Albany is a 400-year old city with many fascinating tales of historical legends, infamous bootleggers, literary luminaries, and other "famous faces" walking the streets. Keep reading for exciting stories about the time that these "famous faces" spent in Albany. We will also highlight local spots related to these figures that you can still visit today.
Let's go upstate! Before becoming a sensation in the Broadway hit musical, Alexander Hamilton was one of the Founding Fathers of the United States. His writings in the Federalist Papers helped usher in our form of government and he was the first Secretary of the Treasury under George Washington. He married Elizabeth Schuyler, the daughter of a prominent Albany family, so he spent quite a bit of time in New York's Capital City. Albany formed the backdrop for some of the most important arguments that he had, including the one that led to his untimely death. Keep reading to learn more about #HamiltonInAlbany!
Visit Hamilton's in-law's mansion! Located in Albany's South End, the Schuyler Mansion State Historic Site was the home of Revolutionary War General Philip Schuyler and his family. After a whirlwind courtship, Hamilton married Eliza Schuyler on December 14, 1780 in one of the mansion's elegant parlors. For a few years, Hamilton and Eliza even lived at the Schuyler Mansion. On a tour, view the parlor where the famous wedding occurred and see Philip Schuyler’s law library where both Alexander Hamilton and Aaron Burr studied. The mansion offers two reservations-required focus tours, When Alexander Hamilton Called Albany Home and Women of Schuyler Mansion.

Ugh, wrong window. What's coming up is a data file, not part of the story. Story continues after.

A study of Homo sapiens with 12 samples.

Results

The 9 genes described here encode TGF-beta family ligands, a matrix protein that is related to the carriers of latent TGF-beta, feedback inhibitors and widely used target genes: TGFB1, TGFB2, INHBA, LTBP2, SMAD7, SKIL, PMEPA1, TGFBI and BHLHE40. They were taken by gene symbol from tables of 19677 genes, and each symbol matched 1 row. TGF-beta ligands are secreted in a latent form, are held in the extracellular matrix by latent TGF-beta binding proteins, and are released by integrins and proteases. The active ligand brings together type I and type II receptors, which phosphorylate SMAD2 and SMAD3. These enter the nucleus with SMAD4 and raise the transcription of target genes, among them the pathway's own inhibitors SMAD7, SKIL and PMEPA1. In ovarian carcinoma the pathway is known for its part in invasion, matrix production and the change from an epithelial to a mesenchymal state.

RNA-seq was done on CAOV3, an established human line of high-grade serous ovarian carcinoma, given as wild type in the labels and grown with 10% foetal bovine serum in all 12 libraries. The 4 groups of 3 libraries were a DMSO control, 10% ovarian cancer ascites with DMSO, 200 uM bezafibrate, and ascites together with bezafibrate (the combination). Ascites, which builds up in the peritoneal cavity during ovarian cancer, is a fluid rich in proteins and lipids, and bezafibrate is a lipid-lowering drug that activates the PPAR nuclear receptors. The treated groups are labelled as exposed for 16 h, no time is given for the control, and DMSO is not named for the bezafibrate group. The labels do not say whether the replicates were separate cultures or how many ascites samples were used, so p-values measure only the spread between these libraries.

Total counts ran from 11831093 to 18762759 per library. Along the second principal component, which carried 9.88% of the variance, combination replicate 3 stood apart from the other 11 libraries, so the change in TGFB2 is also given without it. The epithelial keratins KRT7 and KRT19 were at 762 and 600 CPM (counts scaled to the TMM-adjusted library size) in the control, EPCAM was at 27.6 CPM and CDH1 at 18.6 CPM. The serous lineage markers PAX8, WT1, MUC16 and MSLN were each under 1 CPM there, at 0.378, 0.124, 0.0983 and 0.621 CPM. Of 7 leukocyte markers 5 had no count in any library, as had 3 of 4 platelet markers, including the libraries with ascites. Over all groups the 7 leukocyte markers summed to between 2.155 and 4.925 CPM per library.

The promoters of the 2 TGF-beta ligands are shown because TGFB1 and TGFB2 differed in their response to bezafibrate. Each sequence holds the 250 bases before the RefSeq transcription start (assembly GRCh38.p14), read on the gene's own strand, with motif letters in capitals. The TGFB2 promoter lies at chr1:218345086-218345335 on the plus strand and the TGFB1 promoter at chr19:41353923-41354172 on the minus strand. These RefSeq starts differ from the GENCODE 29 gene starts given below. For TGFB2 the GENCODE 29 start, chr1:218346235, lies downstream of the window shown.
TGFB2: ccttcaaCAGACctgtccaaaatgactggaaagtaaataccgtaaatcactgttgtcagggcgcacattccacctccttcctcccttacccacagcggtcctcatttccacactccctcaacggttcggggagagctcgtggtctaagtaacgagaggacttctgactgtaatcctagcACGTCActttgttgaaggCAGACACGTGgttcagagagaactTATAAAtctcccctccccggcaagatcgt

Downtown Albany's State Street
At downtown Albany's 50 State Street, in a building that no longer stands, was a pivotal moment in Hamilton's life. The building at 50 State Street was the home of Judge John Tayler. Tayler hosted a dinner party at the home attended by Alexander Hamilton, Philip Schuyler and Taylor's son-in-law Dr. Charles D. Cooper. Cooper later composed a letter about the evening, claiming Hamilton called Burr "a dangerous man and ought not to be trusted." The Albany Register obtained a copy of the letter and published it. When Burr demanded a retraction, Hamilton would neither admit nor deny the allegation. This fueled the already brewing feud between the rivals and ultimately led to the infamous deadly duel.
Perched above Albany's Arbor Hill neighborhood is the historic Ten Broeck Mansion. The mansion was built in 1798 for Revolutionary War General Abraham Ten Broeck, a close friend of Philip Schuyler. Abraham's son, Dirck Ten Broeck, was a law clerk for Hamilton and had a lunch date set with Hamilton in New Jersey the day of the ill-fated duel. Tragically, Dirck found himself sitting vigil at Hamilton's deathbed. Dirck penned a letter detailing the duel and the passing of his "dear departed friend." A recording of the letter by local theatre company, Creative License, is available during tours of the mansion.
The congregation of the First Church in Albany, part of the Reformed Church in America, was established in 1642. It is the second oldest congregation in New York State. Aaron Burr's daughter, Theodosia, was married here and the Schuylers were members of the church congregation. After Hamilton's untimely death, the Reverend Eliphalet Nott from the First Presbyterian Church, gave a stirring eulogy On the Death of Hamilton, which was considered a driving force in the eventual outlaw of dueling. Visit the church to see the oldest pulpit in America and view the magnificent Tiffany windows.